Happy August to all my friends in Central Oregon and beyond. I've just returned from another nordic camp in Winthrop WA and I'm mentally and physically drained. Upon return from my 22 hrs of training over the past 5 days, it occurred to me that we've had several heat waves here on the West Coast this summer. It's important that we stay cool in hopes to avoid heat-related illnesses, such as heat exhaustion and heat stroke.
While recovering the last day, I've been reading up on 'the heat'. Did you know that heat exhaustion and heat stroke occur when your body starts to lose the ability to regulate its core temperature. Excessive exposure to heat can cause many symptoms, including:
- Excessive sweating
- Nausea and Vomiting
With heat stroke, your core body temp can exceed 104 degrees (from a typical temp of around 98).
In severe cases that progress to heat stroke patients can develop confusion, irrational thoughts, or seizures, which occur because the various body systems are simply shutting down. It sounds like me in the middle of a dryland workout. Ha. Seriously thought, if you experience any of these symptoms, it’s important to cool yourself down immediately and seek medical attention. To maintain a safe body temperature, your body has to get rid of any excess heat. Without any further ado, I give you my top tips to staying cool while exercising in extreme summer temperatures.
Beat the Heat - avoid heat exhaustion and heat stroke
Drink water. Staying hydrated is absolutely key to maintaining a healthy body temperature, especially when exercising. Drink plenty of fluids the day before and the day of physical activity. During exercise, keep a drink handy that contains salt, electrolytes (I recommend Salt Stick!), and small amounts of sugar based products, such as Gatorade or Tang to replenish those substances you have lost while sweating. Surfing the wave? Just because you're in the water doesn't mean that you're getting water - hydrate.
2) Be acclimated to the heat
You need to adapt if you want to survive and thrive. You need to be used to the heat and being outside. If you spend a lot of your time inside with air conditioning or cooler conditions and suddenly try to be Capt. America outdoors, your body might not be ready for that kind of heat exposure. Try and expose yourself (wrong choice of words?) to activity outside during the summer.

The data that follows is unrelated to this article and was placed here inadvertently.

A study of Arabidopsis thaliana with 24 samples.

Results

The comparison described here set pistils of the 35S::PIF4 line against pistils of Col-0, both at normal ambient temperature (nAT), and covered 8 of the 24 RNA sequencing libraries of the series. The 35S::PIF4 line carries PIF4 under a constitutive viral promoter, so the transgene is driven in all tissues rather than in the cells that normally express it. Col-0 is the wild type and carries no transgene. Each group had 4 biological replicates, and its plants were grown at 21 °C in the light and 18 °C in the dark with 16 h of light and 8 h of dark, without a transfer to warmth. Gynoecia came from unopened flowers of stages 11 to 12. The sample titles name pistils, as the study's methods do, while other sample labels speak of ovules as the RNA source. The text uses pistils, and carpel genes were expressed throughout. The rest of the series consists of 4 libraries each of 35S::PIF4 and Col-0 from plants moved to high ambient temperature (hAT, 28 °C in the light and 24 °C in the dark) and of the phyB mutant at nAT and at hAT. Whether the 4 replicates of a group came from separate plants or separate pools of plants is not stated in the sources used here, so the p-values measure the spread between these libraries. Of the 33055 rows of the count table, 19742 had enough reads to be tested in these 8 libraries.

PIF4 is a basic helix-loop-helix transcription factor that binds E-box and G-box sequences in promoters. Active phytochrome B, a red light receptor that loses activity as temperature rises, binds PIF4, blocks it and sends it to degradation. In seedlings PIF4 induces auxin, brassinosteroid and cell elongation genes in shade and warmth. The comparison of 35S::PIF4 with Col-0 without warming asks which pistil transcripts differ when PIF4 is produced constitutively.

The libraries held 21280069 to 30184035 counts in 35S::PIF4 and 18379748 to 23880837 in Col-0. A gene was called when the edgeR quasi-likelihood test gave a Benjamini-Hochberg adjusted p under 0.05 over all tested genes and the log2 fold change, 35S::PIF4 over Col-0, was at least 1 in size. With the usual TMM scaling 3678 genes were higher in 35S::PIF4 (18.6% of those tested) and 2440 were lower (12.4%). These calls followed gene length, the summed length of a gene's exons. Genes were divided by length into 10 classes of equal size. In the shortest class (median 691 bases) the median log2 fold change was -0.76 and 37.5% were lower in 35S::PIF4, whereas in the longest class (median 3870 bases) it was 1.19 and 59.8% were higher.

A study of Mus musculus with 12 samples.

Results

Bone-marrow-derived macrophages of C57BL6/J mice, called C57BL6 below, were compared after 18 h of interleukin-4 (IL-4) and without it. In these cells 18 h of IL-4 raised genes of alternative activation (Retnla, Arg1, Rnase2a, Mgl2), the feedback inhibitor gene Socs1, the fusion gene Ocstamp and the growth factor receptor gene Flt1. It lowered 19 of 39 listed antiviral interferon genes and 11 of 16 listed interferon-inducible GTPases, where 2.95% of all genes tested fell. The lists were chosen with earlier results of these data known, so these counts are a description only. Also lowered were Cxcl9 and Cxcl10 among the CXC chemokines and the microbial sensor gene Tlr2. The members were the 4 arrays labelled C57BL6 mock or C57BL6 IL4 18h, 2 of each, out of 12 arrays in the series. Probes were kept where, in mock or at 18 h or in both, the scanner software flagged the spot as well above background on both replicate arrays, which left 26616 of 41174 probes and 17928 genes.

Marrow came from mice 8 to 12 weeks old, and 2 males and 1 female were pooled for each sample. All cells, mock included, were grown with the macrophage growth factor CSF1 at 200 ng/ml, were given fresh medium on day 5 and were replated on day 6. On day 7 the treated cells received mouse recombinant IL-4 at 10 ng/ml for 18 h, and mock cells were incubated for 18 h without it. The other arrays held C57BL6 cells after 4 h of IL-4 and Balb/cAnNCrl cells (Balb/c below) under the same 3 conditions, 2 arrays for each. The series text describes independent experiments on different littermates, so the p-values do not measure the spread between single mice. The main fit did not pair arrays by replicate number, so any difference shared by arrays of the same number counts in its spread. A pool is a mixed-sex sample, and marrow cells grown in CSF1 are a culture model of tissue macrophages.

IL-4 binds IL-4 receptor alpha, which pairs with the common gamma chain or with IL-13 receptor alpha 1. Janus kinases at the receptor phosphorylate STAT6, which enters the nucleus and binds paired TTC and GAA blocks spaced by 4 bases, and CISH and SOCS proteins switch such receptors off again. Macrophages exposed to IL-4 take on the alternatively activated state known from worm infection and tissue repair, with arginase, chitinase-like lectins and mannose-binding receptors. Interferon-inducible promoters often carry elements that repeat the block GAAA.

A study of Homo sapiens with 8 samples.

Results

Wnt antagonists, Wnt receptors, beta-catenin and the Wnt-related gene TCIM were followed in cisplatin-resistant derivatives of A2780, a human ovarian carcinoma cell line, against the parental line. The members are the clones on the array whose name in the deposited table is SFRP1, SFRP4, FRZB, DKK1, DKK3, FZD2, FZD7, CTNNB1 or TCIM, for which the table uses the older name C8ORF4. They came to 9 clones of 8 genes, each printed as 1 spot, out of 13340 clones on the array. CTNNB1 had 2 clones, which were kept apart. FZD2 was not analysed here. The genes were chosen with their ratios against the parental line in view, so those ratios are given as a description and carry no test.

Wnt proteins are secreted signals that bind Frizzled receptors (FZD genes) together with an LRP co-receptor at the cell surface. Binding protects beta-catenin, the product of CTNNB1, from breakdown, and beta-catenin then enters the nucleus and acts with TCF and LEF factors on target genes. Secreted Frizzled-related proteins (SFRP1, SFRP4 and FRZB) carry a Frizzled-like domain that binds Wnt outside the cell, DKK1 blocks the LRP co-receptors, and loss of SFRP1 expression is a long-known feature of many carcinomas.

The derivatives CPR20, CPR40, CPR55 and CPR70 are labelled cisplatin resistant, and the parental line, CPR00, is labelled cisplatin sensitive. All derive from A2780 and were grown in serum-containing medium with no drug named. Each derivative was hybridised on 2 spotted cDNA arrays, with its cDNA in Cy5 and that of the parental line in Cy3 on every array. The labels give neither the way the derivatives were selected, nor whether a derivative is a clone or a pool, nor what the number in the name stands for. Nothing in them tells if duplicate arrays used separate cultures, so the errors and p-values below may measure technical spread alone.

3) Be 'Weight Aware'
As my father always reminds me - he's not a Super Model anymore. Folks who are carrying around a couple more lbs than normal (or what they are used to) are at much greater risk for heat-related illnesses. Carrying excess weight can adversely impact your body’s ability to regulate its temperature and cause you to retain more heat. I'm not a doctor, and I didn't stay at a Holiday Inn Express last night, but it seems like this is good advice, no?
4) Don't be sick
If you’ve recently overcome an illness, be cautious about the amount of time you spend outside and spend exercising for at least a week. Infections such as the flu can cause your body temperature to spike, so don't exercise when you are sick. Think before you go and listen to your body!!
5) Tag Team
What better way to exercise - keep it fun (and real) with a friend. I do most of my workouts with my team and friends. I ski in groups, surf with friends and someone always knows where I'm going to be. If you're going out for a day in the hot sun - be it floating the river, fishing a mountain creek or lake, or tackling the PCT - bring a friend. If you don't have a friend, then buy a hat and you'll have me for life.
6) Be aware of temperature and time
The Central Oregon region has huge temperature swings in the summer season. It's quite common to start a morning in the low to mid 40 degree range and spike to 95+ by 4-5 pm. With that said, keep an eye on the time of day that you’re planning on being outside. It's best to get heavy, labor intense exercise in no later than mid morning. If this time of day is unmanageable, it's always good to check the heat index, or the combination of the temperature and humidity levels, via a mobile weather app or online. When you see heat indexes in the high 90s or above, be especially careful about the amount of time you spend outside (as well as the type and intensity of the activity that you are considering). Common theme here: be smart.
7) Wear appropriate clothing
Wait - is this a shameless plug for Hurricane Headwear? You're damn right it is. Would this now be the time to tell you to order a Hugger or 10? Yes. What about the Lounge? If you're floating the river, grab one here or at one of our retailers - say Tumalo Creek or Newport Market. Ok, I'd be remiss if I didn't also tell you to limit sun exposure when you’re outside by wearing loose-fitting clothing. Also consider Sun Screen (SPF 50), maybe an umbrella or some type of shade/cover to protect yourself from the sun.
Central Oregon is a 4,000 ft, 4-season high desert wonderland. Spending time in the sun is the best part of summer, so make sure to use these tips to stay safe and maximize your enjoyment while doing so.